Most homeowner’s insurance policies do not cover basement flooding. There normally is a separate rider that is added to your homeowner’s insurance that will cover some basement flooding. This normally ranges anywhere from $150-$200 extra per year for this coverage (money well-spent if you’ve ever experience a flooded basement). Some homeowners are required by FEMA to obtain flood insurance if their home is deemed to be in a flood zone. But if you are not in a flood zone, and you have a finished basement you need to have the extra rider for flooding added on to your homeowner’s. Be proactive, and contact your insurance agent soon to discuss exactly what is covered and what is not covered in this situation.
In order for any insurance loss to be covered, the occurrence must have been a sudden and accidental event. Flood insurance does not cover finished portions of a basement (walls, floors, ceilings and contents). For this coverage, you’ll need an additional rider. The average flood insurance premium is only about $370 a year (much easier to budget for than a $50,000 disaster home loan that costs about $310 a month*). Flood insurance coverage is available for a 1-year term. Flood insurance is sold by private insurance agents at set prices, depending on your proximity to a flood zone; you could pay more than $800 a year for $100,000 coverage if you're in a flood plain, or as little as $230 if you're in a low-risk area.
Remember to take pictures for your insurance claims.
Flood insurance only covers flood damage; it does not cover leakage or seepage in basements where there was no surface water. It does not cover water which enters your basement/cellar through the walls or floors from saturated ground. Flood insurance policy forms are available on the web at your insurance company web site.
Mold growth due to flooding must be thoroughly killed, because if it is not removed completely it will keep returning, and mold can cause health problems. Mold in basements and crawl spaces can easily grow into the floors and walls above. You can smell mold. Objects like rugs, draperies, and furniture may need to be taken out for deodorizing or to prevent any further mold growth. Mold damage is a potential threat to any building. Something you do not want to do is to replace woodwork or sheet rock, only to have mold grow back behind it.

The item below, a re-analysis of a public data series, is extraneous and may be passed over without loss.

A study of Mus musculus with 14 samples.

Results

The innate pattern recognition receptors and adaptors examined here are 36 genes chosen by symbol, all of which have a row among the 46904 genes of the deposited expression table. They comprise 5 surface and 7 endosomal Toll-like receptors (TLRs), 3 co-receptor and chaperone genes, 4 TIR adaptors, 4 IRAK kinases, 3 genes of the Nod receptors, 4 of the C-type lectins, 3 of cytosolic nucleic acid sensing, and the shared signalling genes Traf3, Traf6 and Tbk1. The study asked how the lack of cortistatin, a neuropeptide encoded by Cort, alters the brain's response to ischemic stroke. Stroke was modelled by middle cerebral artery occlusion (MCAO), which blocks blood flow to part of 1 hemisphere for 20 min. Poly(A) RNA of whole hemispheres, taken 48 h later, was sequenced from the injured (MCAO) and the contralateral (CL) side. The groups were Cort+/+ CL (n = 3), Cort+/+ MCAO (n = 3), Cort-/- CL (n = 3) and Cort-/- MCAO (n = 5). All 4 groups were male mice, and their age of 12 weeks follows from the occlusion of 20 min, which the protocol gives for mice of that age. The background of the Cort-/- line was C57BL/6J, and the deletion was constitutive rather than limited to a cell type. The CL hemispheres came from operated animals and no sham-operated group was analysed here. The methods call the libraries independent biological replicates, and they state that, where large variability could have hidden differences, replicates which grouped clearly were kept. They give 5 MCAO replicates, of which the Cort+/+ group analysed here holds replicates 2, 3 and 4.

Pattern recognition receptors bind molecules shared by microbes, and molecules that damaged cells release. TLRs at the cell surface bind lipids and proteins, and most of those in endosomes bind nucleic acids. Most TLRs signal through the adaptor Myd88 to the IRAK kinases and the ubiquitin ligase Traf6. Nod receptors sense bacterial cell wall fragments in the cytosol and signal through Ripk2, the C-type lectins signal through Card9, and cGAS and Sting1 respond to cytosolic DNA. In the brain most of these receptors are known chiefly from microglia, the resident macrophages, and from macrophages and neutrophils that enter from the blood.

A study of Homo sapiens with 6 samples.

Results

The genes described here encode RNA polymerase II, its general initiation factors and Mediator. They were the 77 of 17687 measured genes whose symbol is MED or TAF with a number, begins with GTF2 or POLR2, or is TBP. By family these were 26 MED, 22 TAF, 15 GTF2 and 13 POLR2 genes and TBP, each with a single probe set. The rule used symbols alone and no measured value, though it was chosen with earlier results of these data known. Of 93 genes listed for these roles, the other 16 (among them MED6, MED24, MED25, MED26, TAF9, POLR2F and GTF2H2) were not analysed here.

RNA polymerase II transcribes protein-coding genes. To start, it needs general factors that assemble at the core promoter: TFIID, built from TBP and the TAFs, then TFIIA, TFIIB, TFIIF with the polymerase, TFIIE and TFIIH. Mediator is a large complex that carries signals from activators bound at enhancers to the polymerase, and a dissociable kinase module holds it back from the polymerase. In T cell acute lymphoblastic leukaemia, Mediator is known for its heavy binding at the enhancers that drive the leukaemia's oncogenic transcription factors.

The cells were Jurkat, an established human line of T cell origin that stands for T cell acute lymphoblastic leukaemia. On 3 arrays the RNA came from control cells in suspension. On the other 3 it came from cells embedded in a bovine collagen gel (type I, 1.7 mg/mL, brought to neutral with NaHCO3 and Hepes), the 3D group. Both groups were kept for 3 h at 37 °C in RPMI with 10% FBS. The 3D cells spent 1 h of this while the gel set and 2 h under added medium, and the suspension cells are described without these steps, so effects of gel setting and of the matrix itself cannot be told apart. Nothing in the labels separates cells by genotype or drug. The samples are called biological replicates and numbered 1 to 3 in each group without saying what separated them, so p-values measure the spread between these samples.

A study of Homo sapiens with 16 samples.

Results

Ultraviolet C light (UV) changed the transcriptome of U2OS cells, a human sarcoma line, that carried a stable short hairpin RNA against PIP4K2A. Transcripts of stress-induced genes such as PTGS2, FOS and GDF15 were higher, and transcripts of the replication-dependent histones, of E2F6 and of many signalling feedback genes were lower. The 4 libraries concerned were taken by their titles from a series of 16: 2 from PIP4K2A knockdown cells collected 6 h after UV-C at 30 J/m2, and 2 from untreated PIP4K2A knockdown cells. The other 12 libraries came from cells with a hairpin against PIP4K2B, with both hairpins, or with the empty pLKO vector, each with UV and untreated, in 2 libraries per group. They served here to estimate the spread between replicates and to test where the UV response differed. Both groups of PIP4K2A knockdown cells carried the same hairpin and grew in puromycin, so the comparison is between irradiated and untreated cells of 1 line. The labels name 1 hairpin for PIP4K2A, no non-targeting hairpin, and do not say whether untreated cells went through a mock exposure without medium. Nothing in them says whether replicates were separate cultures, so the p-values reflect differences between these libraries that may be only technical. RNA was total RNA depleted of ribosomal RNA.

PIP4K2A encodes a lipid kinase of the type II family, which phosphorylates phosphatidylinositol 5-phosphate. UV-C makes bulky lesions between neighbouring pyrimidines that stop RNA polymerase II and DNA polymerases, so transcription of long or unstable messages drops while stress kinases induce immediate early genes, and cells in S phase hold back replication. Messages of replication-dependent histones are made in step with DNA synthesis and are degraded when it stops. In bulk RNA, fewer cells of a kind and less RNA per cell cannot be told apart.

Many people mistakenly believe that any damage to their home will be covered by insurance. Damage caused by mold, rust, corrosion, wet- or dry-rot, and condensation are always excluded under any property policy. Generally, the damage from a water pipe bursting would be covered on a homeowner’s claim (sudden and accidental), but dry-rot caused by a slow leak in a pipe would not be covered (maintenance issue).
Basement flooding is a potentially serious problem. Flooding in the spring from snow melt is a common occurrence in many parts of the country. Basement flooding may also occur because of a blocked connection between your home and the main sewer in the street; a back-up of wastewater in the sewer system (or a combination of wastewater and rainwater from the sanitary or combined sewer system); or failure of a sump pump (used to pump weeping tile water). Basement flooding problems are best diagnosed by working your way down from the eavestroughs and downspouts to the lot and foundation drainage, and then to the plumbing system — both inside your home and beyond its connection to the municipal sewer system.
Claims for damage should be submitted to your Insurance Office when specific, individual incidents result in over $500 in expenses. If you are thinking about buying flood insurance there is one important statistic to remember; almost 25% of all flood insurance claims came from areas not considered high risk.